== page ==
In the ’90s and ’00s gay and lesbian t-shirts were plentiful but a shirt with the word bisexual on it was difficult to find, while out shopping. The next best thing was a t-shirt with an inclusive spirit. Although these weren’t easy to find either, they were definitely more plentiful.
PrideFests and LGBT tourist districts, were likely places to look. That is where Sheela Lambert found most of the inclusive t-shirts in her collection, newly donated to the LGBT Community Center National History Archive in New York City.
The t-shirt designs in this article’s slideshow may not have been specifically made for a bisexual wardrobe, however, there is a reason why bi+ people would want to wear them.
The first t-shirt in the slideshow, found at PrideFest, sports three combinations of gender symbols, in rainbow colors on a black shirt; under that is an equals sign; then under that is the slogan, “Unity through diversity.” The combination of symbols and slogan indicates acceptance of all couples, regardless of orientation, skin colors and other diversities. However, since it shows three types of couples frequently seen in the bi community, this could easily be seen as representing bisexual and bi+ people.
The next shirt, procured at a PrideFest booth after the 2000 Pride March, has interlocking embroidered gender symbols, cleverly incorporated as the zeros in the year 2000, superimposed over an embroidered pink triangle on a purple shirt. This design could represent a bisexual poly triad relationship. Or acceptance of all relationships. Or queer unity. Take your pick.
The next design, “Original Pride”, features a block of back to back triangles (a queer symbol most popular in the ’80s and ’90s) in rainbow colors; designed and sold by a member of the bi community. It was inspired by the “original pride” flag, which contains stripes of hot pink and turquoise in the rainbow (which were part of the bisexual color palette in the popular bi symbol at the time: the double triangle which featured a hot pink triangle overlapping a blue turquoise one, making lavender in the middle.) The huge rainbow flag flying over the Castro in San Francisco and the very large rainbow flag flying from the LGBT Center in New York City both contain the pink and turquoise stripes, to make an eight colored rainbow, instead of just six. But six colors is cheaper, so the pink and turquoise were cut out of rainbow flags and merchandise when it became popularized. At the time this t-shirt was sold in New York, it was the first time the restored “original rainbow” that included bisexual colors was seen here.
“Closets are for Clothes”, a Don’t Panic! design (copyrighted 1990 as you can see in the closeup, and overdyed green by Lambert), was wearable by anyone in the LGBT community but especially potent for bi people, since we were constantly accused of being closet cases by gays & lesbians, as an excuse for excluding us: ironically, an act of forcing us into the closet. Bi community: we’d like you to put bisexual in the name of your organization/group. Gay and Lesbian organization/group: you don’t deserve it because you’re a bunch of dilettantes and closet cases and you’re trying to ride on the coattails of our movement. Bi community: we’re queer, we’ve been here, we want to be out, but you’re trying to keep us in!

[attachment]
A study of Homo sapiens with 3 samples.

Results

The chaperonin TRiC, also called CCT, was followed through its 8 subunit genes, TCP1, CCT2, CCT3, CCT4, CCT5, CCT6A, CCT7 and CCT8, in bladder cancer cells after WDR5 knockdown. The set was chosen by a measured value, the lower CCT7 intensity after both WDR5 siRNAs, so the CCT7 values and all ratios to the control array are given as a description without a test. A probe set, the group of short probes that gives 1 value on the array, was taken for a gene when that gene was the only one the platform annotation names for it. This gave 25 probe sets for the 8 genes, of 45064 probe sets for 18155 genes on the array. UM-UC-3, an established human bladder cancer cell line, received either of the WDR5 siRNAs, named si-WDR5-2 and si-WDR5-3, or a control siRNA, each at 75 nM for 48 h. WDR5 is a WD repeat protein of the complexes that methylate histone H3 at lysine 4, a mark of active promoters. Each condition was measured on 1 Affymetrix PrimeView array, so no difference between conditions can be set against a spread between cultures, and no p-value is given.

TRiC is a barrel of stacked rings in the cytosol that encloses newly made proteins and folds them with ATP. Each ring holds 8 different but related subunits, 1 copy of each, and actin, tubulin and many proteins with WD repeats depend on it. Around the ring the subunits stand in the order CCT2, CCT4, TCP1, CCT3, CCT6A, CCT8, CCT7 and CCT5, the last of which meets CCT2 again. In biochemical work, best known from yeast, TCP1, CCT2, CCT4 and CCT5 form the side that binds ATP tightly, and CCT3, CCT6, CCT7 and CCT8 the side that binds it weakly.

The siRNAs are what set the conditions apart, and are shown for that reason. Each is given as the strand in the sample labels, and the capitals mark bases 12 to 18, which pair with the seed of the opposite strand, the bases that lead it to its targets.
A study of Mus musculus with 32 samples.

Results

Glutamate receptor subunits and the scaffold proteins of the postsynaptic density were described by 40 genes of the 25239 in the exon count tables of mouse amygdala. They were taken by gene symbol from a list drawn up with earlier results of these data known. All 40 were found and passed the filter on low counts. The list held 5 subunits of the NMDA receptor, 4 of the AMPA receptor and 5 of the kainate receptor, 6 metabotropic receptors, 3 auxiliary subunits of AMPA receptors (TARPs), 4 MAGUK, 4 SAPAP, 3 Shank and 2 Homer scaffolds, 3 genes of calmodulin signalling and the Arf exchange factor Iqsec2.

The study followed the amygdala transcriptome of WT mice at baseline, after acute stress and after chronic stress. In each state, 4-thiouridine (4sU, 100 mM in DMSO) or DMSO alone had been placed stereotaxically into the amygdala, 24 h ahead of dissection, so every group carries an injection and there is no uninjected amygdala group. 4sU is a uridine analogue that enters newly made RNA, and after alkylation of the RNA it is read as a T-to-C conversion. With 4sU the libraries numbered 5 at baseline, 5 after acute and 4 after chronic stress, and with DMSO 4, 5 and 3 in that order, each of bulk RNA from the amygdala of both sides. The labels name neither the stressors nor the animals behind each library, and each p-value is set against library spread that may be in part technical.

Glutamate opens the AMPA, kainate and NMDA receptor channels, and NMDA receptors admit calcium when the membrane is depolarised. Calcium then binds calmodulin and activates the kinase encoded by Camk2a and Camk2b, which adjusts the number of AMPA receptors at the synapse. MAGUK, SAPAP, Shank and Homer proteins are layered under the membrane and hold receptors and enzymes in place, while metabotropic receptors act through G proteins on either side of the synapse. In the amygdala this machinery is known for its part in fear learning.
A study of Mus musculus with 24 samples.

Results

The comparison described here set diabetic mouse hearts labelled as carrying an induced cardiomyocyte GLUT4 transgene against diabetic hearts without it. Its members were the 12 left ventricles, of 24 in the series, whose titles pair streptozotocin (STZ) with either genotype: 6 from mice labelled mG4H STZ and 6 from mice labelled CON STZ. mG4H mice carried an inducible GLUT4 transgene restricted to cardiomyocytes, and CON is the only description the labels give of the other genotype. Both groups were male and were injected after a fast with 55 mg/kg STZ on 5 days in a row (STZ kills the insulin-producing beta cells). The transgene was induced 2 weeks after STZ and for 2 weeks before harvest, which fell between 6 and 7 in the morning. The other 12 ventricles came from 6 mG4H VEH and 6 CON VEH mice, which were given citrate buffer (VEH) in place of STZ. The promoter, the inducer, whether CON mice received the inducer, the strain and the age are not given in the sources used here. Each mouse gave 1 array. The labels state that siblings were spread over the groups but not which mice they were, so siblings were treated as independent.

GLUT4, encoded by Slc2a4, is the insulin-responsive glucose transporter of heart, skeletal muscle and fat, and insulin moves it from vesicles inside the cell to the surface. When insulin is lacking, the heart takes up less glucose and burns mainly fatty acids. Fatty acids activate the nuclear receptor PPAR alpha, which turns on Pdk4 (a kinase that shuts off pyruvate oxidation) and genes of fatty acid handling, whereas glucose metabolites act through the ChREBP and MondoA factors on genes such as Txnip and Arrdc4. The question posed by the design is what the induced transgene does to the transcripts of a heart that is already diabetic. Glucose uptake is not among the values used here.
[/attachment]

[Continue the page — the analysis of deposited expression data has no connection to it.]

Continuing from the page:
“You’ve been a bad girl…now go to my room!”, features a cartoonish drawing of a vintage-looking woman. This t-shirt design works for bi women and lesbians alike. The stains prove this one was often worn and much loved for its saucy, out humor. Another Don’t Panic! fun find.
“New York: Where the women are strong and the men are pretty.” Another shirt that works especially well for bi people since we are the ones most likely to have a strong girlfriend and a pretty boyfriend. A Don’t Panic! design copyrighted in 1991, as you can see in the closeup photo. The Don’t Panic! store on Christopher Street was great place for queer t-shirt shopping, while it existed.
The next shirt in the slideshow features two of the bisexual colors (pink and blue), couples of various genders, plus the slogan, “whatever makes you happy”. What could be more bisexual? However, this shirt could also work for people of all orientations. (Yes, this design, found on Cafe Press, was also in the previous slideshow, but this shirt has a different sleeve length and color.)
The next article in this series will be a history of organizations’ progress from exclusively gay and lesbian t-shirt designs to t-shirts whose designs are bi and trans inclusive.
The five-part series of articles on bisexual t-shirt designs from the Sheela Lambert collection includes:
- Bisexual Organization Designs
- Bisexual Commercial Designs
- Inclusive Designs
- Inclusive Designs Part 2
- History of LGBT Organizations’ Bi-Inclusive Designs
Thanks to Bureau of General Services: Queer Division (BGSQD) for letting us use their LGBT bookstore space for our photoshoot.